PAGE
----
An essential element in making a recording is a click track. That's a metronome style track which is set to a certain tempo and plays like 'tick - tock - tock - tock'. All members of a band listen to the same click track so as to keep accurate time when recording. Even if you're a solo acoustic guitarist or piano player you will still need to use a click track. Read on for a few good tips when it comes to using a click track.
Start the click track before placing the headphones on your head. If you forget to check the levels before putting the headphones on the track could be extremely loud. Drummers especially can end up having a click track at ridiculously loud levels. Here's why:
When exposed to prolonged excessive noise our ears engage a type of 'buffer' status than diminishes noise levels. For example, if you go to a noisy environment like a concert or race car event your ears will adjust to the environment. At first the noise level will seem very loud but soon it will seem less loud. Drummers can sometimes ask their recording engineer to push the click track level up to insane volumes to be able to hear it over their drum kit. If you happen to be the next person to put those cans on... Ouch! And, possibly damage your ears. You don't want that.
You can see in the photographs two safe ways to check your headphone level. Test the click track level before placing the headphones on your ears. Or simply have the headphones rested about your neck and let the click track begin. You'll work out if the level is too loud or not.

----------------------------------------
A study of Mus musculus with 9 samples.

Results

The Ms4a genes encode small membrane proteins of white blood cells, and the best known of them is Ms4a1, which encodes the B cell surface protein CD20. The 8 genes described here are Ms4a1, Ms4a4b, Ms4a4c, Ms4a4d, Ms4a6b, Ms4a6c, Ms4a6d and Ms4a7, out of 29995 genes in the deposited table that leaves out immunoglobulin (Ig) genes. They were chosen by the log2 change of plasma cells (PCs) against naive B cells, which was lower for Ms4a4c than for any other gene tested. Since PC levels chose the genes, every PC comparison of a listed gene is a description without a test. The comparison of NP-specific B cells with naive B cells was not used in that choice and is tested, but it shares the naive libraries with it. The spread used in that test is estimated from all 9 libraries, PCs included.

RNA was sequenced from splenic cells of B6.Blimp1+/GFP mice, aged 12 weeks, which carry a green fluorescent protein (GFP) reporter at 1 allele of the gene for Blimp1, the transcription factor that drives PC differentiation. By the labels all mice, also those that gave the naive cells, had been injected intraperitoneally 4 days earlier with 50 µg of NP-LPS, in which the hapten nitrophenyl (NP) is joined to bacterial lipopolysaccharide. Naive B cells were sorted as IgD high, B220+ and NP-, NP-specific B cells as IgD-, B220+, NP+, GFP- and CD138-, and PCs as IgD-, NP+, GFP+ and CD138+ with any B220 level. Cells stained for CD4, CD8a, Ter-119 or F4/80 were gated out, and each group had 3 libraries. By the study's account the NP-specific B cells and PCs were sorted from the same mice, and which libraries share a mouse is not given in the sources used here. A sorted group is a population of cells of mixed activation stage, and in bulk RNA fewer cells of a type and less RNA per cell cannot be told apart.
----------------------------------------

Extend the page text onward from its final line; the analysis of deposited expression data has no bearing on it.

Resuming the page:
Another issue with loud click track is that it can be bleed. Bleed is unwanted noises entering the microphone you are recording with. If you're recording a cool nylon string fingerstyle piece the last thing you need is an endless 'tick – tock – tock – tock' sound recorded along with it. The same goes for vocals, piano or many other instruments. And, you can't be tapping your foot along to the click track. The studio microphone will pick up your foot taps.
Usually you will be able to talk to your engineer through a microphone even if he's in a separate room to you. He will be able to hear you whether you're in front of a vocal mic, behind a drum kit all micked up, or sitting with your acoustic guitar with a good ole SM57 aimed at the sound hole. Most studios have a glass window between the control room and the recording studio. Simply point at your headphone then upwards for a louder volume or downwards for a quieter volume. That's if the engineer is paying attention to you. The same works for any instrument. Point at the instrument and then indicate whether you want the level up or down.
In summary, you want the click track loud enough for you to play comfortably to, but not so loud as to damage your ears or bleed into your recorded track. A good studio engineer should help you find a good level quickly. As an artist in a professional environment you can save time and hassles helping create the best possible recording environment. Less hassles = better music.